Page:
Investing in property is seen by many as being a safe bet, being less volatile compared to say, the stock market. The proverb of ‘safe as houses’ leads some to direct a substantial portion of their potential investment capital into a property-heavy financial strategy. The idea of flipping a rundown shack into a million dollar cash cow is far from a risk-free proposition, however.
Of course, no investment should be looked at in isolation. Before barrelling into real estate, it’s important to be clear about your long-term financial goals and how property might fit into your strategy. For example, deciding on whether you need a hands-off or slightly more involved investment will determine the kind of assets you should be searching for.
A house or an apartment?
Apartments are in demand for young professionals and empty-nesters, often being located in highly desirable inner-city locations. You may have lower maintenance costs than a house, but as an owner you’ll need to factor in the fees paid to the body corporate.
A well-placed apartment usually provides a high rental income comparative to the cost of purchase. Some complexes may also have the shared benefits of a pool or gym to further add to the rental appeal.
Before investing in a unit, it’s wise to check if there are proposed or approved applications to raise the density level or building height restrictions in the area. If you’re buying an existing apartment, where newer nearby developments are planned in the next few years, it could slow your investment growth and impair the ease of resale.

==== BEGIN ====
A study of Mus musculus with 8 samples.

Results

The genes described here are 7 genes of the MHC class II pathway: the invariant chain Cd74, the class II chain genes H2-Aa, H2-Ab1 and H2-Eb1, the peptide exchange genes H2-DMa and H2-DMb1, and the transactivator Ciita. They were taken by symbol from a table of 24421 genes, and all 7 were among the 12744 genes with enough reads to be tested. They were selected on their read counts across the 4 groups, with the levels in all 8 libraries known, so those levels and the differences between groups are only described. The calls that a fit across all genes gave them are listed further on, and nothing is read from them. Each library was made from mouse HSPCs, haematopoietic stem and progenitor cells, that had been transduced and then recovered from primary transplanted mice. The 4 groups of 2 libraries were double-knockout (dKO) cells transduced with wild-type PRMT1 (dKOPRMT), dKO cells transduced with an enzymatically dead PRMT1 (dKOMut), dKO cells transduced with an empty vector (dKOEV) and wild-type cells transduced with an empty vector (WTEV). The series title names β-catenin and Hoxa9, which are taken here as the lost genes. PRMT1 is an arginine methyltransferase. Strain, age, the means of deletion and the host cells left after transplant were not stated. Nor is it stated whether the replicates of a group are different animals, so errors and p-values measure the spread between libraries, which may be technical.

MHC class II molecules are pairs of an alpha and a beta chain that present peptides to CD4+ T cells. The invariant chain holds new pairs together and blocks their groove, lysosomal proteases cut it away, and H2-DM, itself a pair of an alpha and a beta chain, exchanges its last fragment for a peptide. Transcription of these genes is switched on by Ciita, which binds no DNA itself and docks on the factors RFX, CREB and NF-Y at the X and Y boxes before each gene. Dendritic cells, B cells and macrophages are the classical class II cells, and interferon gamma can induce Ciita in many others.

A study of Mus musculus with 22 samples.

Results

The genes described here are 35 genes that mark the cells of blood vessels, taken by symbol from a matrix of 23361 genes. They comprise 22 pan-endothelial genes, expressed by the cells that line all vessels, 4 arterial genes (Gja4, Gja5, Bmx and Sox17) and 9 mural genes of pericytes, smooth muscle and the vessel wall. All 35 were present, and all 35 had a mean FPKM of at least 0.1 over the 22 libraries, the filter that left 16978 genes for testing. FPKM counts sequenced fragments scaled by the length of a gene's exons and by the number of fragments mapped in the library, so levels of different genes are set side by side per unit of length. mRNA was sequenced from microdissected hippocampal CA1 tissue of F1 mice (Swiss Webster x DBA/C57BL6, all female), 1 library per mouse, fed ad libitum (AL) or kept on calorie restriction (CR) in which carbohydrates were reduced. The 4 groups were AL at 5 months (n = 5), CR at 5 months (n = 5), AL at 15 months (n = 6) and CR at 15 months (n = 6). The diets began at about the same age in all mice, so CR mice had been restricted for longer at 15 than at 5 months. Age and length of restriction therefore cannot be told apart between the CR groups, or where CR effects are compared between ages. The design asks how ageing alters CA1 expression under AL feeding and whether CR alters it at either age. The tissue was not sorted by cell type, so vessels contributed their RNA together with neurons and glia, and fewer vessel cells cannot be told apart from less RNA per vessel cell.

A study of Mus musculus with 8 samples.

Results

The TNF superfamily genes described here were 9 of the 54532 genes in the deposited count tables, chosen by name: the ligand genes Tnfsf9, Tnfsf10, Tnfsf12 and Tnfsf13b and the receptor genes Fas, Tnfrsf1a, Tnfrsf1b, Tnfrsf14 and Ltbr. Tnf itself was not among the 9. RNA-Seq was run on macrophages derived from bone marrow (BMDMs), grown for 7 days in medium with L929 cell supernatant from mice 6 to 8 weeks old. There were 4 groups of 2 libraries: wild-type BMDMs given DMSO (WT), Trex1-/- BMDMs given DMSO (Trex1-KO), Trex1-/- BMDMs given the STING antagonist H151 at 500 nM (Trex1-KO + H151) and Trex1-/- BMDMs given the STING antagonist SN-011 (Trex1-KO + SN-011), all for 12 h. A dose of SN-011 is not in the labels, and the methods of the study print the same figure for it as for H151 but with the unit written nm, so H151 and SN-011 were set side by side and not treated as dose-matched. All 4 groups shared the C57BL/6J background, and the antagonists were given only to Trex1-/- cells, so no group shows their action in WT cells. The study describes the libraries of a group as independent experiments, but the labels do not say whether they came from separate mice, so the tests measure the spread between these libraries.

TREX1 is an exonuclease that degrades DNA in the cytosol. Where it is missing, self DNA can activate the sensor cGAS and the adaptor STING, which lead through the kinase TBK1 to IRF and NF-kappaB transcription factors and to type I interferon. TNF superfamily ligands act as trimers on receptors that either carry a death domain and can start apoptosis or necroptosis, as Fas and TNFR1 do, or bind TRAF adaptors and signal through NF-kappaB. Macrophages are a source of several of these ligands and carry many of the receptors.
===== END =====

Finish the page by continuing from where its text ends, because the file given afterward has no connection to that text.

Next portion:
On the other side of the fence, the benefits of a house include owning the square-meterage below your property. This gives you the opportunity for subdivision and development (pending council approval, of course).
A freestanding house has the drawbacks of higher rates, lower rental returns compared to the purchase price, and possibly higher maintenance costs. But as a long term investment it may be wise to follow the proverb: buy land, they’re not making any more of it.
A new home, an old home, or something off the plan?
If you’re unsure whether you should be looking at a fixer-upper or buying off the plan, there are a few important considerations.
New homes typically attract investors looking for passive income, who are too time poor to deal with the maintenance that usually comes with older homes. If there happens to be a defect with a new home, the builder’s insurance should cover the costs of rectifying it.
Newer buildings are also attractive to high-income tenants who are happy to pay a higher level of rent for all the modern conveniences.
While you’re likely to find longer depreciation benefits with a new home build, they are not without some drawbacks. You’ll probably pay a higher price compared to an existing home in the same area, which means it will take longer to realise capital growth.
If you’re required to pay a deposit on an off-the-plan apartment purchase, remember that there is no guarantee that all the units will be sold, meaning you may miss out on other opportunities. If the developer accepts deposit bonds instead of using your own money, do it!
Just remember, even if the project does go ahead, there is a chance the value may drop by the time the property is completed due to oversupply or market changes.
For faster (hands on) growth, you might want to look at flipping an older property. Setting a renovation budget with your investment is a way to add instant value. You can also be more certain that the property you’re purchasing has a ‘true’ market value, free from the profit margins of a developer.
It’s also worth noting, older homes in established areas also usually have larger block sizes, should you choose to develop or subdivide in the future. Given the right strategy (and zoning), it could be possible to subdivide and sell at a large profit, even to effectively get your land for free.
In part two next week, we’ll be putting more property investment considerations under the microscope, including some potentially costly mistakes and how to avoid them.